The UK medicines regulator will assess Pfizer’s novel antiviral Covid treatment, after clinical trials showed it to be 89% effective at reducing hospitalisation of high-risk patients.
The UK has procured 250,000 doses of the treatment, which is an at-home oral antiviral cocktail to be taken three times daily.
The treatment, to be marketed at as Paxlovid, is a combination of existing antiviral drug ritonavir – currently used to treat HIV/AIDS – and a novel antiviral agent named PF-07321332.
The phase 2/3 trial showed that upon starting treatment within 3-5 days of developing symptoms, 28 days in there were no deaths among the trial group, while 10 deaths occurred among those receiving a placebo.
Pfizer said it would now ‘cease further enrolment into the study due to the overwhelming efficacy demonstrated in these results’ and is planning to submit data for emergency authorisation from regulators ‘as soon as possible’.
The news comes as the UK Medicines and Healthcare Regulatory Agency (MHRA) became the first drugs regulator in the world to approve Merck’s novel at-home antiviral drug, molnupiravir (brand name Lagevrio) this week.
Merck’s drug was found to be effective in reducing the risk of hospitalisation or death for at-risk non-hospitalised adults with mild to moderate Covid-19 by 50% in clinical trials, and the UK has procured 480,000 doses.
Health and Social care secretary Sajid Javid said: ‘Incredible results from Pfizer showing their antiviral medicine cuts the risk of hospitalisation or death from Covid-19 by almost 90%.
‘We have procured 250,000 doses of this promising treatment on behalf of the whole UK and our independent medicines regulator, the MHRA, will now assess its safety, quality and effectiveness.
‘If approved, this could be another significant weapon in our armoury to fight the virus alongside our vaccines and other treatments, including molnupiravir, which the UK was the first country in the world to approve this week.’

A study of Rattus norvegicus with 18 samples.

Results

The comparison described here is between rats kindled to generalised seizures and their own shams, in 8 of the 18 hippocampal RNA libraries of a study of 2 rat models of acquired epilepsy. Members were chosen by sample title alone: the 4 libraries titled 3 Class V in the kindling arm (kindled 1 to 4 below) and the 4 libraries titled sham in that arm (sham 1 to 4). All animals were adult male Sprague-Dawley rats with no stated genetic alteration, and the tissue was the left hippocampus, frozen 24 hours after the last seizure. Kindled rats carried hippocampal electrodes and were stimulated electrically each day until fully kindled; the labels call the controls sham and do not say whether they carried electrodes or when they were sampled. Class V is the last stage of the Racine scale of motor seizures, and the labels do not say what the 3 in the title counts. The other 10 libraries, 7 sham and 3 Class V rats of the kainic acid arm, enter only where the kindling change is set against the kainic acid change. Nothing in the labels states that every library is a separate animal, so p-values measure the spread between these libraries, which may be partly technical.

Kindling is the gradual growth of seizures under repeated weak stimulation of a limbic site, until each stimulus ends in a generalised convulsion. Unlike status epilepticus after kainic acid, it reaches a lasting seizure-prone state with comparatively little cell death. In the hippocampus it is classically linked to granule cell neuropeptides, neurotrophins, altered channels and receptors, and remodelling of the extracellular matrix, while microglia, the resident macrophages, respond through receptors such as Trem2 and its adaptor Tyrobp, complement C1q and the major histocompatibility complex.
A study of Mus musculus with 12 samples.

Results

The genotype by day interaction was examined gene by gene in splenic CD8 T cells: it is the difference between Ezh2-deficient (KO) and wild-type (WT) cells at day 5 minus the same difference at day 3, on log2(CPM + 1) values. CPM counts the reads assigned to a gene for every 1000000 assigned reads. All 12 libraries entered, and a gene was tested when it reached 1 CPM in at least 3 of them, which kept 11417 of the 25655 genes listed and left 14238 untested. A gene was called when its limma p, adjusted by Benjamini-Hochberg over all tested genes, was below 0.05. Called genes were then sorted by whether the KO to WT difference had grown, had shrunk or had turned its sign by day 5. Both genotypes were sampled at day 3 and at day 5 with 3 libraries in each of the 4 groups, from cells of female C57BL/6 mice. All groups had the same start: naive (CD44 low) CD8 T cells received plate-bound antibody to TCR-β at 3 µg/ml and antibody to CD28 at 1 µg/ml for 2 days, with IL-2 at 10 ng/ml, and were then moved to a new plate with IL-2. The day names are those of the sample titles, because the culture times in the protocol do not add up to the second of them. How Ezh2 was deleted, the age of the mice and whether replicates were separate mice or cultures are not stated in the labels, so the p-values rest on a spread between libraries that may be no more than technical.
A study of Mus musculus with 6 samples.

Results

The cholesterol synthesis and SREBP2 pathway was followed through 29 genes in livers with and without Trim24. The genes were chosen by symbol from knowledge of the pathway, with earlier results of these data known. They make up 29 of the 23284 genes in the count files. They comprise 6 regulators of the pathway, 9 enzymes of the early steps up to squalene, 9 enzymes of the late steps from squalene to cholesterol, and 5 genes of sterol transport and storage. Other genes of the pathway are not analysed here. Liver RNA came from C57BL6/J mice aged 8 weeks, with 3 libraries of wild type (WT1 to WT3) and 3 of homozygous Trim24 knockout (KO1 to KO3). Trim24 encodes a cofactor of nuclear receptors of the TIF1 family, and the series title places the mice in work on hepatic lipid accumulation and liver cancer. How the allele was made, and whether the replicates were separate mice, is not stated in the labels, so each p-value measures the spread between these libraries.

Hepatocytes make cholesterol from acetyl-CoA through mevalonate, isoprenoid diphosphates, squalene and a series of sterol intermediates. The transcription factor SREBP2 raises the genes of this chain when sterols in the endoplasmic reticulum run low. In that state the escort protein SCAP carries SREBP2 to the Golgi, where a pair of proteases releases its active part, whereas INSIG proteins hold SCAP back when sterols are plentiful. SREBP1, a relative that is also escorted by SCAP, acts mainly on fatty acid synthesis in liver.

There is as yet no information on how at-home antiviral treatments will be deployed to patients but details will follow in due course, the Department of Health and Social Care has said.
Mr Javid said last month that the Government was ‘working to get in place plans for deployment of the at-home antiviral treatments, including the delivery of a national study, to collect further data on who would most benefit’.
The Government had set a target of having at-home antiviral treatments approved by this autumn.
Health officials have said the most vulnerable would be eligible first including the elderly and those with weakened immune systems.
However, Pfizer said in future its ‘protease inhibitor’ treatment, which is the ‘first oral antiviral of its kind’, could also be used to ‘reduce the probability of infection following exposure’.
‘It has demonstrated potent antiviral in vitro activity against circulating variants of concern, as well as other known coronaviruses, suggesting its potential as a therapeutic for multiple types of coronavirus infections,’ the company statement added.
It follows the UK regulatory approval in August of monoclonal Covid antibody treatment Ronapreve which is now being used to treat hospitalised patients.
- Paxlovid is an investigational SARS-CoV-2 protease inhibitor antiviral therapy, specifically designed to be administered orally so that it can be prescribed at the first sign of infection or at first awareness of an exposure, potentially helping patients avoid severe illness which can lead to hospitalisation and death.
- PF-07321332 is designed to block the activity of the SARS-CoV-2-3CL protease, an enzyme that the coronavirus needs to replicate. Co-administration with a low dose of ritonavir helps slow the metabolism, or breakdown, of PF-07321332 in order for it to remain active in the body for longer periods of time at higher concentrations to help combat the virus.
- PF-07321332 inhibits viral replication at a stage known as proteolysis, which occurs before viral RNA replication. In preclinical studies, PF-07321332 did not demonstrate evidence of mutagenic DNA interactions.